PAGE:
My last child was born when I was in my 40s. My oldest children have all left for college, and I am still packing school lunches and arranging playdates for their baby sister. Being an older mom definitely has its drawbacks. Occasionally someone asks me if my little one is my granddaughter, and no matter how I try to laugh it off, it is a little awkward and even annoying.
As I attend the back-to-school gatherings and mingle with the parents who are not much older than my oldest son, I can see that perhaps I do not have the energy or quite the excitement that the younger parents do. But I have something that is pretty valuable and is probably worth a lot more than youthful energy. I have experience. As this school year gets underway, I would like to share some practical thoughts with parents just getting started with public-school education.
1. Teachers and administrators, like everyone else, need encouragement. Don’t wait to email them until you are upset about homework-loads or anything else. Email them and tell them what you like about them. Take them a cupcake once in a while. Teachers like small tokens of your appreciation. You tip your waitress and they do far less for you than your kid’s teacher does.
2. Teachers are as individual as the students they teach. Some are very experienced, and some are not. Some are more creative and fun than others. Some are yellers, and some will never speak in anything but a soft voice. Some teachers are good communicators, and some will never return an email. You can make the best of almost any situation and help your child to do the same. Some school years are going to be great, and some are going to be less than great. Hang in there.
3. Some things are just not worth getting upset about. Failed spelling tests will not keep your child from going to college one day. Your child is a child. Do not cause them to have anxiety over small things.
4. Some kids are mean. It seems every class has a bully or two. The best advice you can give your kid is to ignore and avoid. That’s easier said than done in a small classroom of only 25 to 30 children, but there is not much else you can do. Go ahead and call, email and complain about the child that is mistreating yours, but in the end, that kid has as much a right to be in that classroom as yours. Teachers cannot see everything, and they cannot work miracles.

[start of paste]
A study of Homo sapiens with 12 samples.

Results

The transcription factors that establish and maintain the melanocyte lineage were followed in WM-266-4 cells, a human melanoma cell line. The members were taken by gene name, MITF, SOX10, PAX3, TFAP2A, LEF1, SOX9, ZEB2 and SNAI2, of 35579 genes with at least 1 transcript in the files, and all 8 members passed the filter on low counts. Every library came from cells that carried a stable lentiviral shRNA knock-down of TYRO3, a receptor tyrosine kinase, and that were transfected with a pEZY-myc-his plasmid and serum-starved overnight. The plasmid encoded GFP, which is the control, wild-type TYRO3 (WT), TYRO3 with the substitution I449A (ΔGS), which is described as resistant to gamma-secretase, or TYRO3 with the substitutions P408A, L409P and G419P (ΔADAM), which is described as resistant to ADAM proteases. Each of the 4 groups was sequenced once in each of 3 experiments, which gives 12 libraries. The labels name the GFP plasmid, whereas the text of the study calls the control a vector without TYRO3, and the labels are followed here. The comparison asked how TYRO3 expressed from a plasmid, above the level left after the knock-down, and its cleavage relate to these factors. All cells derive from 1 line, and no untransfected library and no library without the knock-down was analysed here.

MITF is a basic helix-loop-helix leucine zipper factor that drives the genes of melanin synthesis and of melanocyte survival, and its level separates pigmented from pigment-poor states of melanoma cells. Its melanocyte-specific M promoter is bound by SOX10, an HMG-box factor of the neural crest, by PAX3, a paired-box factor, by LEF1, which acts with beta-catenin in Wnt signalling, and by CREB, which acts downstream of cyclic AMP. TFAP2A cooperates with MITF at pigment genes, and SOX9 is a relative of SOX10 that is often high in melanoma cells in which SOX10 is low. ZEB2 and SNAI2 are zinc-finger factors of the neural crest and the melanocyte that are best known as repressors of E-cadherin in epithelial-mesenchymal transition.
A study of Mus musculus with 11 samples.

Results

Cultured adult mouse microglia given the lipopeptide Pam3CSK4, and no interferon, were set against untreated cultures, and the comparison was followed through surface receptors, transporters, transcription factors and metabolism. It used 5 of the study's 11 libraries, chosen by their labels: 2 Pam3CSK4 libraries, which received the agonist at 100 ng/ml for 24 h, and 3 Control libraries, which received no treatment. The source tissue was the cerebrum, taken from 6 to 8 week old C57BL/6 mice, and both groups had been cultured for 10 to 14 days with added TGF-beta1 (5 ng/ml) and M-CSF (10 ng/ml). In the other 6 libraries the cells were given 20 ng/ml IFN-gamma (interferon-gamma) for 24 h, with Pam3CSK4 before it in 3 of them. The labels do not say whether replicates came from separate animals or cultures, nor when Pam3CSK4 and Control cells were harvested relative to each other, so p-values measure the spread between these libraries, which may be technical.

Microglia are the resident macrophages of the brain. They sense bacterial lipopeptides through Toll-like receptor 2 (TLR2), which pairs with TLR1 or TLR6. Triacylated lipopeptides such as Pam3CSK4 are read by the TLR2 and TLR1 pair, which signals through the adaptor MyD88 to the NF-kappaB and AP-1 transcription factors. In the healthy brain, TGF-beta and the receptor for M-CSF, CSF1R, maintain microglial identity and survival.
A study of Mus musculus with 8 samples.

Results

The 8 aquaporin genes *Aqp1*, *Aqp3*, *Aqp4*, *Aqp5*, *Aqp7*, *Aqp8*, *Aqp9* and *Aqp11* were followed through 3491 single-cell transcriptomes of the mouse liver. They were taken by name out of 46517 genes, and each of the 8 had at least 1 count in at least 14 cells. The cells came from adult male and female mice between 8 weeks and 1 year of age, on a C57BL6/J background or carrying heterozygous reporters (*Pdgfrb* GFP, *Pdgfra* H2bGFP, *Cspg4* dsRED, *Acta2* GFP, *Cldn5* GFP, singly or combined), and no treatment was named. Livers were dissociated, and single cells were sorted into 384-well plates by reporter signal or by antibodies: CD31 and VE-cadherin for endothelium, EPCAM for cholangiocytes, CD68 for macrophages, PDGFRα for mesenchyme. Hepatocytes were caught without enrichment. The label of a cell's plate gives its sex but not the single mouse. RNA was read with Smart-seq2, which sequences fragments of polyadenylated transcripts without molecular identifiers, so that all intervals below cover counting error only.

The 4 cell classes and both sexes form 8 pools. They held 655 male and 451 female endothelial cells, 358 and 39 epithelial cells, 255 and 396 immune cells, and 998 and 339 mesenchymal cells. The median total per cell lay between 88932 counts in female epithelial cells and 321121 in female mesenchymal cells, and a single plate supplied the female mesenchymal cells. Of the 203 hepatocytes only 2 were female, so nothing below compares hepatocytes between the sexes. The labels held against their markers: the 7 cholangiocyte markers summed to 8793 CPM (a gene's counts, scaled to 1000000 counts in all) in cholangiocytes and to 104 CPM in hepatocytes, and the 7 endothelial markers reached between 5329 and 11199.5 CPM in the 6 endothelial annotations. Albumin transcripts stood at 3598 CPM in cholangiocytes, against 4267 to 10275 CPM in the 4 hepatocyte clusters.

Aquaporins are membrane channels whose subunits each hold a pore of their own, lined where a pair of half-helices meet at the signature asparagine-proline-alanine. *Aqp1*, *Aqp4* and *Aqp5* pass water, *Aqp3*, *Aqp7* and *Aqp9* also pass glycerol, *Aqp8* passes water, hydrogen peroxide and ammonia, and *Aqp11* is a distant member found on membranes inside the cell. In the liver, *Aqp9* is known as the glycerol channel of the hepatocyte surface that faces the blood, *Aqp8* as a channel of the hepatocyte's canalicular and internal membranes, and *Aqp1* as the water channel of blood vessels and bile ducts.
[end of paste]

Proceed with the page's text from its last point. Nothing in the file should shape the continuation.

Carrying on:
5. Look around. Find a couple other parents from your child’s class you know or can befriend. Exchange phone numbers. There are going to be nights when your kid comes to you because he forgot what the homework assignment is. Or maybe there is a field trip tomorrow he forgot to tell you about, and he needs a lunch, and he’s supposed to wear a red shirt. Or your kid tries to convince you it is pajama day on a day when school pictures are being taken, and you are not sure what to believe. You will be glad you have another parent or two you can call and ask for confirmation.
6. Educate your child about their classmates with disabilities. These children will often teach your child invaluable lessons. Make sure your child is making life easier, not harder, for children who need extra help. Compassion and empathy are taught at home. Your children need you to set an example.
7. Take your child to meet the school custodians, lunch servers, secretary, librarian and all the other support staff. Your child needs to understand every adult in the building is to be greeted and shown respect. In turn, your child will be one of the ones recognized by the staff. Your child will be more likely to seek help from someone they feel comfortable approaching.
8. Life’s not fair. You may as well teach your child this early. Your kid may sing sweeter than the kid who gets the solo in the winter concert. Your kid may spell like he’s a genius, but the school administrator chooses someone else to represent the school in the district spelling bee. In the end, your child’s resume will not be tainted because he did not get to do these things. Save your angry emails and phone calls for things that will really matter. You will not be sorry in the end.
9. Volunteer. Volunteering often gets you a front-row seat to your child’s day. Ask the librarian if you can help shelve books. Ask the secretary if she needs someone to change a bulletin board. Ask the principal if there is something they need in the building that you might be able to help with. Let the music teacher know you can help with sets for the music programs. Volunteer to send cookies and juice to a classroom party. Volunteering gives you a glimpse into the way things work at school. You can watch your child from afar and see how they are interacting with their peers. You can get to know the staff and learn so much. Volunteering has often been more beneficial to me than it was to the teacher I was helping. Volunteering keeps you “in the loop.”
10. If you do not want to participate, it is possible to just say no to fundraisers. For years, I helped my kids sell magazine subscriptions and assorted junk nobody wanted so my child could get a keychain or a Frisbee they desperately “needed.” Then I quit. There is no penalty for not participating. Send the administrator $5 and buy your kid a “prize” for not participating if you would like. Go ahead and make a donation, but you do not have to knock on every door in town if you do not want to.
When my older kids began school, I had a few ideas that proved to be impractical. I am glad I knew the ropes as school began this fall. I was ready.